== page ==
When you throw a party once in blue moon and you happen to invite a lot of your friends over, you naturally want it to go full blast. And what a better way to do it than not letting anyone go home sober?
But sometimes, even during these very rare occasions, you would still want to save on cost while everyone is having the time of their life. Beer in bottles and cans tend to be very costly and can be very inconvenient come clearing and cleaning time. This is the time when getting a keg might really come in handy.
But how much does a keg cost and how many of them do I need to keep everyone satisfied without going overboard and deal with plenty of leftovers that could not be consumed anymore?
Average Cost of a Keg of Beer
The average price of beers in kegs is roughly $80 for the cheap beer, the average type costs around $100, while the premium beer typically costs in the vicinity of $140 a keg.
According to BuyKegBeer.com,
- Bud Light keg $87
- Budweiser keg $87
- Blue Moon keg $175
- Budweiser keg $80
- Coors Light keg $90
- Corona Light keg $165
- Heineken keg (13.2 gal) $130
- Guinness (13.2 gal) $200
- Keystone Light keg $70
- Miller Lite keg $88
- Michelob Ultra keg $135
- Natural Light keg $80
- Pabst keg $100
Price listing of Superiorliquor.com has the following as of June 27, 2017:
- Big Kegs (1/2 BBL = 15.5 gallons)
- Small Kegs (1/4 BBL = 7.8 gallons)
What are Included
Before we even determine how much beer there is in a keg, let us know first what type of keg are we talking about as there are several types according to sizes. These are the following:
Half Barrel – by standard, this is what most people imagine a keg would be. But instead of using the term half barrel which sounds like a half-tank equipment ready to embark in a battle, they settle for the simpler keg. This contains 15.5 gallons of beer. For those who know only the small portions, a keg is equivalent to 165 units of 12 oz. beers or 124 units of 16oz. beers
Quarter Barrel – this type of keg contains 7.75 gallons of beer or 82 units of 12 oz. beers or 62 units of 16 oz. beer. This also comes in two different forms which are the tall keg and the one that has the same girth but cuts the height in half.
Sixth Barrel – this type is also called the sixtel and can hold 5.16 gallons of beer. This can be translated to 56 units of 12 oz. beers or 42 units of 16 oz. of beer.
Cornelius keg – this kind of keg is used by homebrewers and they are typically utilized by homebrewers. This can hold 5 gallons of beer which can be translated to 53 units of 12 oz. of beers or 40 units of 16 oz.
Mini keg – this is the cutest keg of all which contains five liters of beer or 169.07 oz. enough to fill a couple of friends and yourself while watching a football match. This is equal to around 14 units of 12 oz. beer or more than 10 units of 16 oz. beer.
To ensure that kegs and taps are returned after use, sellers impose a refundable deposit for the items. A keg deposit normally ranges from $30 to $100 depending on the type of keg and the store. On the other hand, a tap deposit ranges from $50 to $70.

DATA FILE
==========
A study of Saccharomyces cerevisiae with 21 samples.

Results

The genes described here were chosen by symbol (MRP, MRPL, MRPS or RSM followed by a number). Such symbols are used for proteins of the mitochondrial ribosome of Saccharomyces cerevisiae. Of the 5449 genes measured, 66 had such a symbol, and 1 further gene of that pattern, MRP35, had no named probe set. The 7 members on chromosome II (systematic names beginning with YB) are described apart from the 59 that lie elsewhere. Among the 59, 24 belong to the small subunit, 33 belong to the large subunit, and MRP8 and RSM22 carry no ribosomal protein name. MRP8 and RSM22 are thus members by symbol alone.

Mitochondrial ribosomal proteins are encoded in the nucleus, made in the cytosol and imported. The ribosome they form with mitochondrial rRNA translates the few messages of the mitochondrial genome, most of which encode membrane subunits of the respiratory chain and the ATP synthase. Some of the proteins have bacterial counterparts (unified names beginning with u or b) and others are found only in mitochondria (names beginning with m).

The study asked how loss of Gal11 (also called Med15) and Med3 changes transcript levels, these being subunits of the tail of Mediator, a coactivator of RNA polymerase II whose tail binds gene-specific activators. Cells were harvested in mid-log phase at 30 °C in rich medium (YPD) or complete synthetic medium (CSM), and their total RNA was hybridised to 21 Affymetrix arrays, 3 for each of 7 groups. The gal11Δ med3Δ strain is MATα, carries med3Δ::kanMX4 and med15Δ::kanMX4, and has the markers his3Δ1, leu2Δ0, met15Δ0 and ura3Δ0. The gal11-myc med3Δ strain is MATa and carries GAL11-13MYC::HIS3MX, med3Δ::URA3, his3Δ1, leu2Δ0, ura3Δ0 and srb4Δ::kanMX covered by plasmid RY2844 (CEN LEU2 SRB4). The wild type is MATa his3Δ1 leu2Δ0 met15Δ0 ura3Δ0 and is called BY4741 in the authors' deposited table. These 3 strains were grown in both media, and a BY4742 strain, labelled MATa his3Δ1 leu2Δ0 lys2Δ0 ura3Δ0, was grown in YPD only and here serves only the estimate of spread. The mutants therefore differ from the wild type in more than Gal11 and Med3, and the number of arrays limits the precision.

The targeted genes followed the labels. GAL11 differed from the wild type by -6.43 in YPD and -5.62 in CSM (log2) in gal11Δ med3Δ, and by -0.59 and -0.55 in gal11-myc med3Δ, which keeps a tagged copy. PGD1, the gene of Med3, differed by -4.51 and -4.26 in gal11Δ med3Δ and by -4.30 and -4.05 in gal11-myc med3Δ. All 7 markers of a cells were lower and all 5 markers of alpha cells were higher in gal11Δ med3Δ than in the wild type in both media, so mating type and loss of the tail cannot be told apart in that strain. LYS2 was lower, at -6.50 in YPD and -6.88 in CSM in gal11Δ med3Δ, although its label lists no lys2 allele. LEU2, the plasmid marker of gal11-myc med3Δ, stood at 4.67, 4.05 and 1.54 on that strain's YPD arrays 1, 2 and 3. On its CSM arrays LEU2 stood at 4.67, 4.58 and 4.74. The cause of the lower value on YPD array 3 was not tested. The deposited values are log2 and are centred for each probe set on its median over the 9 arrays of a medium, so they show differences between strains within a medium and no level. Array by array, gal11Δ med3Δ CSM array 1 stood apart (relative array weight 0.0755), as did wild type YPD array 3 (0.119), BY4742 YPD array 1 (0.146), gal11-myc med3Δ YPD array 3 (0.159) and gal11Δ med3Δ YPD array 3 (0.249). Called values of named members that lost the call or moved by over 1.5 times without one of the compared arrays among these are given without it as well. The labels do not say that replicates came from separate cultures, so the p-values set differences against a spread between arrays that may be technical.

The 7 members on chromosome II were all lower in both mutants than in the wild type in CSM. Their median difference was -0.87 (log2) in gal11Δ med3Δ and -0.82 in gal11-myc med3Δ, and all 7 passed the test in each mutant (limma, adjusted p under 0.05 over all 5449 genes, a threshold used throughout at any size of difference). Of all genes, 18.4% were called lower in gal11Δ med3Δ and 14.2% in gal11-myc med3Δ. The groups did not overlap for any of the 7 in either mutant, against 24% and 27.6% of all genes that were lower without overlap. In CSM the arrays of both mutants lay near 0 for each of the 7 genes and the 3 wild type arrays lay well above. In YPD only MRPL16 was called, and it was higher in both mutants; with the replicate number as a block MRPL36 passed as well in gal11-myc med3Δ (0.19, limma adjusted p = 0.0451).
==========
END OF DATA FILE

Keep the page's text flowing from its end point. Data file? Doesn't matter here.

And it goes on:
Shopping for a Keg of Beer
If you are planning a party and you are considering supplying beer to your guests to their hearts’ content, ask someone you know who might have already tried serving beers in kegs and ask for contact information.
You may also opt to check out Liquorama.net or call them at (877) 981-9044 10:00 AM – 4:00 PM Pacific Time, Monday through Friday.
If you want to stretch your creativity through brewing your own beer to surprise your friends, it would be a nice topic during party conversations and something you might be able to be proud of or brag about if you may.
Factors That Matters
As with any other consumer products, the price of a keg of beer can be affected by different factors, including:
What brand of beer – all liquors have varying price depending on the manufacturer. Some are priced higher due to superior taste, quality, and popularity, among others.
Location – location plays a big part in the pricing of beers and other liquors due to the difference in liquor policies among states in the US. Also, the cost of living and the cost of doing business can also play a part in the costing.
License type of the seller – the reseller type of your source of the beer can also affect its price as some licensing cost higher compared to others, thus being passed on as part of the price.
Refundable deposits – Added deposits for the keg and tap which can be refunded when you returned them after use.
Rental price – other sellers charge rental fees for the keg and tap thereby increasing the cost of the keg of beer as a whole.
How much beer do you need to serve on a particular occasion? Well, it really depends on the type of occasion itself.
For parties that mostly revolve around beers rather than the food, have something going on that distracts beer drinkers away from the gulping the entire beer straight up, say, watching a football match, and with an even mix of men and women, allot a beer per visitor per hour, depending on how many hours you intend the party to last.
For formal occasions like a wedding reception that is scheduled for 2-4 hours where food is the main attraction, allot a beer per guest for every two hours, regardless of whether all guests drink beer or not. There would be those few heavy drinkers that would consume the allotted beers for the non-drinkers anyway.
Convert the total quantity of your budgeted beer bottles and get the equivalent in keg. You can just allot a few cases of bottled beer or in cans for any remainder as a backup. This way, you can keep everyone satisfied without worrying much on how to dispose of too many leftovers.